The REACH Foundation, sponsors and donors had one goal in mind when the COVID-19 pandemic broke out: TO FEED THE VULNERABLE. Now that vision has travelled to many communities around Rivers State. Not many would have birthed the vision if not for the avid enthusiasm and love of the leadership and the team of volunteers for humanity.
After successful weeks of helping and reaching out to the vulnerable population in different parts of the state, the project has found solace in pushing beyond the land geography by going into the riverine communities in touching more lives.
Usually, the landmass and the means of transportation would have stunted the plans as seen in the orders laid by the government against sea voyage due to the pandemic but proper logistics made the outreach possible. This shows strength and effective bureaucracy on the side of the directors
The rains poured almost an hour before the convergence of volunteers lead coordinators at the take-off location. Such rains mark the blessings and rigour that accompany a typical Saturday with The REACH outreaches.
All seated and adorned in the usual purple, red, black and white inscribed “project REACH” shirts, volunteers and coordinators were seated and ready to take a short trip by road to the Abuloma Jetty where the adventurous trip would continue on water. The volunteers looked ready to help and touch lives; an attitude they have adopted for the past months since the project started on the onset of coronavirus outbreak and the attendant hardship.
The scenery at the jetty boasted of a large water body surrounded by stranded ships at distance, few canoes paddled by fishermen. The least expected addition to our number at the jetty were boat builders diligently refurbishing a liner boat atop an abandoned barge.
Many sneakers and shoes sank into the swampy and waterlogged river bank. Volunteers were smart to avoid sinking further into the hampering swamps by changing into flip flops and rubber boots.
Foods packs were exchanged between hands, drinks were thrown and rugby-like runs were made as the team unloaded bags of foods items from the truck to the awaiting boats. The volunteers showed they were strong and untiring in their tasks.
All these will never compare to the excitement that the volunteers showed when it was time to take off on one of the farthest trips ever made since the start of the initiative – a boat trip across the sea connecting the famous and rich Bonny Island. The same sea holds a wealth of facilities of Rivers and Nigeria at large!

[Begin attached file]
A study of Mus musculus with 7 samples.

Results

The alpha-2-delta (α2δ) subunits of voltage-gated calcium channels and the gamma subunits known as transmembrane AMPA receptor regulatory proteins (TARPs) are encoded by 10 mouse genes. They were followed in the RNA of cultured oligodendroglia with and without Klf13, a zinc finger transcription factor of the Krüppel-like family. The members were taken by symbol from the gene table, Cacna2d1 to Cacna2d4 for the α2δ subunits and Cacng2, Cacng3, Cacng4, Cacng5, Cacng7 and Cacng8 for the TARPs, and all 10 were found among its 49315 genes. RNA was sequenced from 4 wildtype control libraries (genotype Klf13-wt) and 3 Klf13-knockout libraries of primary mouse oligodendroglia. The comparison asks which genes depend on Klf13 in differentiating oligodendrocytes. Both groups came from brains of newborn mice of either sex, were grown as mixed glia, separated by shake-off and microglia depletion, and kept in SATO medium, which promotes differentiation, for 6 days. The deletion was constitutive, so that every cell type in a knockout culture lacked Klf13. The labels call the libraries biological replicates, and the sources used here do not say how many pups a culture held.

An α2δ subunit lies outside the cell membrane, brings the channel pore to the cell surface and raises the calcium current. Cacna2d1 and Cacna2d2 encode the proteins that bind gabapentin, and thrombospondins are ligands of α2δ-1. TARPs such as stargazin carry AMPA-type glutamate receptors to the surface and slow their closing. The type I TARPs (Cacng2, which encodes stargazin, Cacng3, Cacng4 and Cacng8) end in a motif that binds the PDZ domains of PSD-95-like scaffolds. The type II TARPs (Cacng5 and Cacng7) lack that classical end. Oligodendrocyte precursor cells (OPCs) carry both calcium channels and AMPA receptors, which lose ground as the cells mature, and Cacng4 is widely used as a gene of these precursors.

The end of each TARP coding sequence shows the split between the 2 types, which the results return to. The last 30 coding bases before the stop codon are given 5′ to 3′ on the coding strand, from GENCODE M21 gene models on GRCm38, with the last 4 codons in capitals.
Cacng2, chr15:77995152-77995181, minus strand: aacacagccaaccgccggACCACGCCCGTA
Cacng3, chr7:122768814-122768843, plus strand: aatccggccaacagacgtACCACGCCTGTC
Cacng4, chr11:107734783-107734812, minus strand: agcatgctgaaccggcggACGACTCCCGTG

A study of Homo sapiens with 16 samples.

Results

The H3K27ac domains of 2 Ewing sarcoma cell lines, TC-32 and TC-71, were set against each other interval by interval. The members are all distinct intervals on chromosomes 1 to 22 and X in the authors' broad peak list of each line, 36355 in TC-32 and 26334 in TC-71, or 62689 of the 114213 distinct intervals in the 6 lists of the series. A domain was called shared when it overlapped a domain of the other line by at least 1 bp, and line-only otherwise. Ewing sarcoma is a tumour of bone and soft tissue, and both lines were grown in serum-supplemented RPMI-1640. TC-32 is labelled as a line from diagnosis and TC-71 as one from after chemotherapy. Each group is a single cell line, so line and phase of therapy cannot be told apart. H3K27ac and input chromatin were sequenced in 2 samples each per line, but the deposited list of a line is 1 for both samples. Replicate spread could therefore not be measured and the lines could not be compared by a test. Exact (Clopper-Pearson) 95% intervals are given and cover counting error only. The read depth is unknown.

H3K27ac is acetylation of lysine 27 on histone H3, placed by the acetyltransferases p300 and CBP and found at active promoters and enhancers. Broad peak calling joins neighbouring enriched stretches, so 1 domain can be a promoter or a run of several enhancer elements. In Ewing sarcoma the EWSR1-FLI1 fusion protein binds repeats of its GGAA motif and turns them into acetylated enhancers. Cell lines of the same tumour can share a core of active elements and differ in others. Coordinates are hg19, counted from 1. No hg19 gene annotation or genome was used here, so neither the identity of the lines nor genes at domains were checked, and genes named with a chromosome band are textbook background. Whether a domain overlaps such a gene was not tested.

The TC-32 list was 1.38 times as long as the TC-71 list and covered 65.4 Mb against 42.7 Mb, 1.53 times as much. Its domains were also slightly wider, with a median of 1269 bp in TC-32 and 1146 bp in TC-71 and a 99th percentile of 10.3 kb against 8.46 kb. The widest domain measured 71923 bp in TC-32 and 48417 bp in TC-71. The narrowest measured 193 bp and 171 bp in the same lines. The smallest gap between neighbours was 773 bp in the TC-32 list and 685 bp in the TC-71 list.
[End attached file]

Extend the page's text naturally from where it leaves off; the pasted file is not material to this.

Two boats each powered by twin 75hp Yahama engines held the bags of food while two passenger boats of equal propulsion ferried the entire team. Steady chatters and laugher filled the background as volunteers in both boats decided to entertain each other.
Engines roared, the sailors turned all degrees as the boats smashed upon the clear waters leading to Peterside; it was a beautiful sight to behold.
Occasional stops and careful movements made the trip a smooth sail as we journeyed past fishing settlements, canoes, stranded merchant ships, oil and gas vessels.
Peterside was that riverine community that separated itself from Bonny Island in the most revered form. Bonny Island is just a few minutes away from the isolated Peterside community. While Peterside served as the centre point for distribution, the outreach extended to its adjoining communities – Anyama and Fiyama.
The community had a solid bridge where all the boats empty their contents and the passengers. This was where we offloaded the palliatives as volunteers loaded them into wheelbarrows to be conveyed to the distribution point at the town square.
Women, men, children especially the vulnerable arrived enmassé as all of them had the same goal: to get a pack of food for themselves and their nuclear or extended families. The lines stretched as people merged themselves into age groups attended to by the verification team through the conscious guide of a crowd control team. The vulnerable populace got their food packs as the distribution team stuffed their arms with different food items courtesy of efforts from kind donors and sponsors.
The outreach ended with a spiritual backing of prayer led by a Vicar in the community as he prayed for volunteers and donors.
The sun smiled upon the waters as the afternoon arrived with another eventful boat trip back home to Port Harcourt. Indeed it was one of the most adventurous outreaches ever that will be remembered by all who embarked on it for a long time to come.